Many people remain missing in Canada's Quebec province, a day after a train carrying crude oil hurtled off track and exploded in the center of a town, destroying dozens of buildings and killing at least one person.

    The accident in the lakeside town of Lac-Megantic occurred in the wee hours of Saturday morning, when the town center was crowded with weekend partygoers.

    Officials have confirmed one fatality, but say they expect the toll to rise. Media reports indicate up to 80 people could be missing.

    The derailment caused four of the train's more than 70 cars to explode in the middle of the town, sending a gigantic fireball into the night sky. The fires destroyed dozens of buildings, including stores and at least one bar, and continued burning for hours as both Canadian and U.S. firefighters fought the blazes.

    The accident forced up to 2,000 people to evacuate from their homes - a third of Lac-Megantic's 6,000 residents.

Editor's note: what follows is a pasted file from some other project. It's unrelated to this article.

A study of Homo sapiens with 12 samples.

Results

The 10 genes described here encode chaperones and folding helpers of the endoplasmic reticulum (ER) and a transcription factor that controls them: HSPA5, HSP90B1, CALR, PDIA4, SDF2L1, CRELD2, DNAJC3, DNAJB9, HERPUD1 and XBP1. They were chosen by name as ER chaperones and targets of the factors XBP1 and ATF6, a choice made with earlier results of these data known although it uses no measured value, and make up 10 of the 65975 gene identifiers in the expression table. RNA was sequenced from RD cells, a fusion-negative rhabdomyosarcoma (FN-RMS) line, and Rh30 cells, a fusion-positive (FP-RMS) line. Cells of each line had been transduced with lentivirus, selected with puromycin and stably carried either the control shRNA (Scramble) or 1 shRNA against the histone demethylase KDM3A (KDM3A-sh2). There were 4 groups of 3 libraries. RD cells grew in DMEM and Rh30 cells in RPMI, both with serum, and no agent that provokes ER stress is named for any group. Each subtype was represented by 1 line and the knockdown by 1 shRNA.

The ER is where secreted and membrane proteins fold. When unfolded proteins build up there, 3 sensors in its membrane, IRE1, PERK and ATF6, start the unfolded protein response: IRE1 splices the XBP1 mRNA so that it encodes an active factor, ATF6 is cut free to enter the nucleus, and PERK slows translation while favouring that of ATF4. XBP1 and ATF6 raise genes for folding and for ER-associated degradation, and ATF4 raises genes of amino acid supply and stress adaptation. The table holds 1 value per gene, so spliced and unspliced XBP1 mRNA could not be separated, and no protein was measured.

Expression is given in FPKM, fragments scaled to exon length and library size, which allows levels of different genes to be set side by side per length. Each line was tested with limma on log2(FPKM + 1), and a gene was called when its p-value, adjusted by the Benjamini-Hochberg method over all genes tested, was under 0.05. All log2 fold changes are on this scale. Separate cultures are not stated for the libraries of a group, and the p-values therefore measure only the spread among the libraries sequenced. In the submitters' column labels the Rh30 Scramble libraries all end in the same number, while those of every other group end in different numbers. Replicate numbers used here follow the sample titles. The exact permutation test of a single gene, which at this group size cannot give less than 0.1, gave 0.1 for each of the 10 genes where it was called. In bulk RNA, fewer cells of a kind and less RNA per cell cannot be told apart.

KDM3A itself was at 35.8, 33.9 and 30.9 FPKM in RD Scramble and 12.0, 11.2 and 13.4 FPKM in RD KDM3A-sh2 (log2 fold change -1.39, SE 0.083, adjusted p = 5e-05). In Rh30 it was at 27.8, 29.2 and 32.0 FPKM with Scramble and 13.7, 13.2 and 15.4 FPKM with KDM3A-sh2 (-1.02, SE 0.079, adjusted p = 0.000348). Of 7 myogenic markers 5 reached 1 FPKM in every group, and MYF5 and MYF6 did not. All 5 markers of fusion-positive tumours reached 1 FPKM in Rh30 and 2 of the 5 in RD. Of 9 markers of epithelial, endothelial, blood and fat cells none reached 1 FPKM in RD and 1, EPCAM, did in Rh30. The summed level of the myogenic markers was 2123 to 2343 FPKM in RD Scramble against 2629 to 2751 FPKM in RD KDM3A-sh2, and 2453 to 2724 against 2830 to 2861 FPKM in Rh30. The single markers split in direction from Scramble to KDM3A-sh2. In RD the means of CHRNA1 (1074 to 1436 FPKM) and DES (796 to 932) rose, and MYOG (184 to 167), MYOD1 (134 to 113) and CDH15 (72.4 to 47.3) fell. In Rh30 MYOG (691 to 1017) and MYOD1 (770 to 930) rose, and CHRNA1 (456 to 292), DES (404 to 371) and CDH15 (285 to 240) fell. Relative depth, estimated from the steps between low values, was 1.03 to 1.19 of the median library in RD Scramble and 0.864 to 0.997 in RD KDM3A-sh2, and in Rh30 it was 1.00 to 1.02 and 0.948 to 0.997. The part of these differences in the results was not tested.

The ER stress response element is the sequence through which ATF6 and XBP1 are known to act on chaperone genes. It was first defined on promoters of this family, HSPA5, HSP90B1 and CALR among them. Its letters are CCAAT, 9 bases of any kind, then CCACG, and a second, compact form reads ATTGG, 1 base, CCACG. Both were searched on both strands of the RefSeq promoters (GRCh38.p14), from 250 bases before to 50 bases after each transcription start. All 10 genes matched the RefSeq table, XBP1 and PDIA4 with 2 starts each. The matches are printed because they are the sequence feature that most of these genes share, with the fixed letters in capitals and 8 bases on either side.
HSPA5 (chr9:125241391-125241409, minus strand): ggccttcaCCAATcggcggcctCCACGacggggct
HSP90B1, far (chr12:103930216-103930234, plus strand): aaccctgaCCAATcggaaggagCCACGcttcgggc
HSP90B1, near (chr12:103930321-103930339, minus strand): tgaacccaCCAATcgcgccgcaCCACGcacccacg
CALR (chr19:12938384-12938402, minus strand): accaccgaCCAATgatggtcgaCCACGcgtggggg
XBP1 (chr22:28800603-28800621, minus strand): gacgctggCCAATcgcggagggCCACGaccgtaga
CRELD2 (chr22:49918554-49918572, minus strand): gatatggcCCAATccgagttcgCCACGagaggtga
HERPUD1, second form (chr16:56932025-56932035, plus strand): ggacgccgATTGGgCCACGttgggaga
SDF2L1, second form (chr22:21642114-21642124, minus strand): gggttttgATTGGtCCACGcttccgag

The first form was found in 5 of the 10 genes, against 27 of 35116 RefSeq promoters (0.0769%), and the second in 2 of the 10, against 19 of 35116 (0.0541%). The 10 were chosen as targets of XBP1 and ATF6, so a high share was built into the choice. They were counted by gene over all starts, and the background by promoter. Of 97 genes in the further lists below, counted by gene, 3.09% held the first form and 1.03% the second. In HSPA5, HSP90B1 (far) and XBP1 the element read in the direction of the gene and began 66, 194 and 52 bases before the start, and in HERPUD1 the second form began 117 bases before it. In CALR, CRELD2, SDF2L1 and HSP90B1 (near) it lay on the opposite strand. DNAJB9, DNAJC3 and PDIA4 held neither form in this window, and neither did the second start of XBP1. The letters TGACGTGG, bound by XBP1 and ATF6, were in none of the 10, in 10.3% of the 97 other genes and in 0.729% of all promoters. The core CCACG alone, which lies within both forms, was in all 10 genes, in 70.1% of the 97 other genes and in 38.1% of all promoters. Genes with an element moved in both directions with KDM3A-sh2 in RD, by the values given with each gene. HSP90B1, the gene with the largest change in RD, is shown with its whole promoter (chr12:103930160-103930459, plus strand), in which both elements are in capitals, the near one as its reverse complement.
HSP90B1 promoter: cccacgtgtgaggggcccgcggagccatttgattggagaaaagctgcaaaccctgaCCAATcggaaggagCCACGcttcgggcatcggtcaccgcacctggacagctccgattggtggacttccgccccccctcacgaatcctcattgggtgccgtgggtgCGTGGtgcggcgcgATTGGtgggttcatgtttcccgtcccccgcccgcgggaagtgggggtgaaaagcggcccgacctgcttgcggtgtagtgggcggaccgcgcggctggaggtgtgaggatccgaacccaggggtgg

The cause of the derailment is still not known. The rail company that operated the train - the Montreal, Maine & Atlantic Railway - said the train's conductor parked it shortly before midnight Friday. The rail line says it believes the conductor set the brakes properly, but that "sometime after, the train got loose," speeding into the town "under its own inertia," before derailing.

    Canada's transportation safety agency is investigating.



    Montreal, Maine & Atlantic owns more than 800 kilometers of track in Canada's Quebec and New Brunswick provinces and the northeastern U.S. states of Maine and Vermont.

    Canadian Prime Minister Stephen Harper called the accident "shocking and truly devastating." He said his "thoughts and prayers" are with the people of Lac-Megantic and that the government is ready to provide assistance.

    Just last week, Canada suffered another derailment of a train carrying petroleum products. The train went off track in Calgary, Alberta, when a flood-damaged bridge sagged toward the still-swollen Bow River. The derailed rail cars were able to be removed without spilling their cargo.